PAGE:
The European Commission today published the long-awaited catalogue of nanomaterials used in cosmetics, required in the Cosmetics Regulation. The catalogue provides brief information on 25 nanomaterials used as colorants or ultra-violet filters or other uses, as well as the exposure routes and whether the products are rinsed off after use or not.
Civil society organisations have been calling on the European Commission to publish the catalogue since the original date of 1st January 2014 mentioned in the Cosmetics Regulation. In an explanatory note complementing the catalogue, the Commission admits that the publication of the list was delayed many times as the information provided by companies was incoherent and imprecise. Most worryingly, some companies identified some ingredients as nanomaterials when they clearly were not (including water, according to comments made by a European Commission representative) or did not notify nanomaterials that should have been.
ECOS Senior Policy Officer Doreen Fedrigo-Fazio says:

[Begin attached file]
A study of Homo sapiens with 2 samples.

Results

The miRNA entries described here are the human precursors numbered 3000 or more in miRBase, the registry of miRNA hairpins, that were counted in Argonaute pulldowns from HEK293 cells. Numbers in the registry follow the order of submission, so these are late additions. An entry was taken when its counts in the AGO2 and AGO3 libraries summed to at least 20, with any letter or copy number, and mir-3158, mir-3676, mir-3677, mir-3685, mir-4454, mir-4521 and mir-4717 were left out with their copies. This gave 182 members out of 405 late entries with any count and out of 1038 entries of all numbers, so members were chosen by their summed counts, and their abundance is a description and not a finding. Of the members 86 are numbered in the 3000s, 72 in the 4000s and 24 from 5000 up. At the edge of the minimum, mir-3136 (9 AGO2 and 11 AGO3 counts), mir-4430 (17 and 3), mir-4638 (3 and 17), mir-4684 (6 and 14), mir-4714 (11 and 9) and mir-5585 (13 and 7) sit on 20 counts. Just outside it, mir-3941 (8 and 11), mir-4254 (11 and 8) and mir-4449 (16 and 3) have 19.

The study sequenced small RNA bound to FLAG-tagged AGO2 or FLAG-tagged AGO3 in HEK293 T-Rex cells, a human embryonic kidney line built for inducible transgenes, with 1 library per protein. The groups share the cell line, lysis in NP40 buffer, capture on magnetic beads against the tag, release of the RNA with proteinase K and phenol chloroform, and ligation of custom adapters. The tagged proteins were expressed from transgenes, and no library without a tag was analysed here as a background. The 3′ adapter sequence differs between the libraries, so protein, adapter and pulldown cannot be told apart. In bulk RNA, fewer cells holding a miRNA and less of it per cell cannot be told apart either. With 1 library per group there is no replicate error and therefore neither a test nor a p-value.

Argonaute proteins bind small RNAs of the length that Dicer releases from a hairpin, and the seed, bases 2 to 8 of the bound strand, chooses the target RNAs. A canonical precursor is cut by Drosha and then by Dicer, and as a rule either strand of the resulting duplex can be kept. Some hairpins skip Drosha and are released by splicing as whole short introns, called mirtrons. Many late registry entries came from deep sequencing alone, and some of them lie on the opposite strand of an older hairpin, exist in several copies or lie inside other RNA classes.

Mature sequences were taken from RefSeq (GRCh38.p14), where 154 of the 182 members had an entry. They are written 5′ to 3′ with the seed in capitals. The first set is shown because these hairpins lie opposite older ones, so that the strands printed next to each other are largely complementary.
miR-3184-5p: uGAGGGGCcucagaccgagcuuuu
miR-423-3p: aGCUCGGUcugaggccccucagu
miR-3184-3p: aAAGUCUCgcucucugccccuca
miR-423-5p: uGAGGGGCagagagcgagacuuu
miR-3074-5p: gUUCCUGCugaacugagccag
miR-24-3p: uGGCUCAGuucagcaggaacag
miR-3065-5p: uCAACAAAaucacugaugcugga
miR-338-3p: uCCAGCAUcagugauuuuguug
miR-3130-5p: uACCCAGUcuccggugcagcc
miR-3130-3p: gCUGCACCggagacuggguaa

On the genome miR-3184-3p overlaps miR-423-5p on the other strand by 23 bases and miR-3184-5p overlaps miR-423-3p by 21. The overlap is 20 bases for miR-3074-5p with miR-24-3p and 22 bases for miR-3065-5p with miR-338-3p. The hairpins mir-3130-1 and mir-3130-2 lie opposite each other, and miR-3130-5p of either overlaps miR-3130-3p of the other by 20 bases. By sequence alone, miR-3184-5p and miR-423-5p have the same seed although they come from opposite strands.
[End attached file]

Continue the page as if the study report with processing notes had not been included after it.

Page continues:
“ECOS welcomes the publication of this long-awaited catalogue. Although the catalogue information is very limited, the preparation process has served as evidence of how weak the EU’s legislative framework is in regulating nanomaterials. This data provision exercise has illustrated how difficult it is to ensure that companies provide the information legally required, even for a piece of legislation as clearly written as the Cosmetics Regulation.”
The European Commission should use this as a learning experience as it continues to work on amendments to REACH to make nano information requirements more specific.”
REACH, the EU’s comprehensive chemicals legislation which requires anyone placing a substance on the market with a production volume of more than 1 tonne per year, theoretically addresses nanomaterials but does not yet set out nano-specific information required to allow a substance on the market.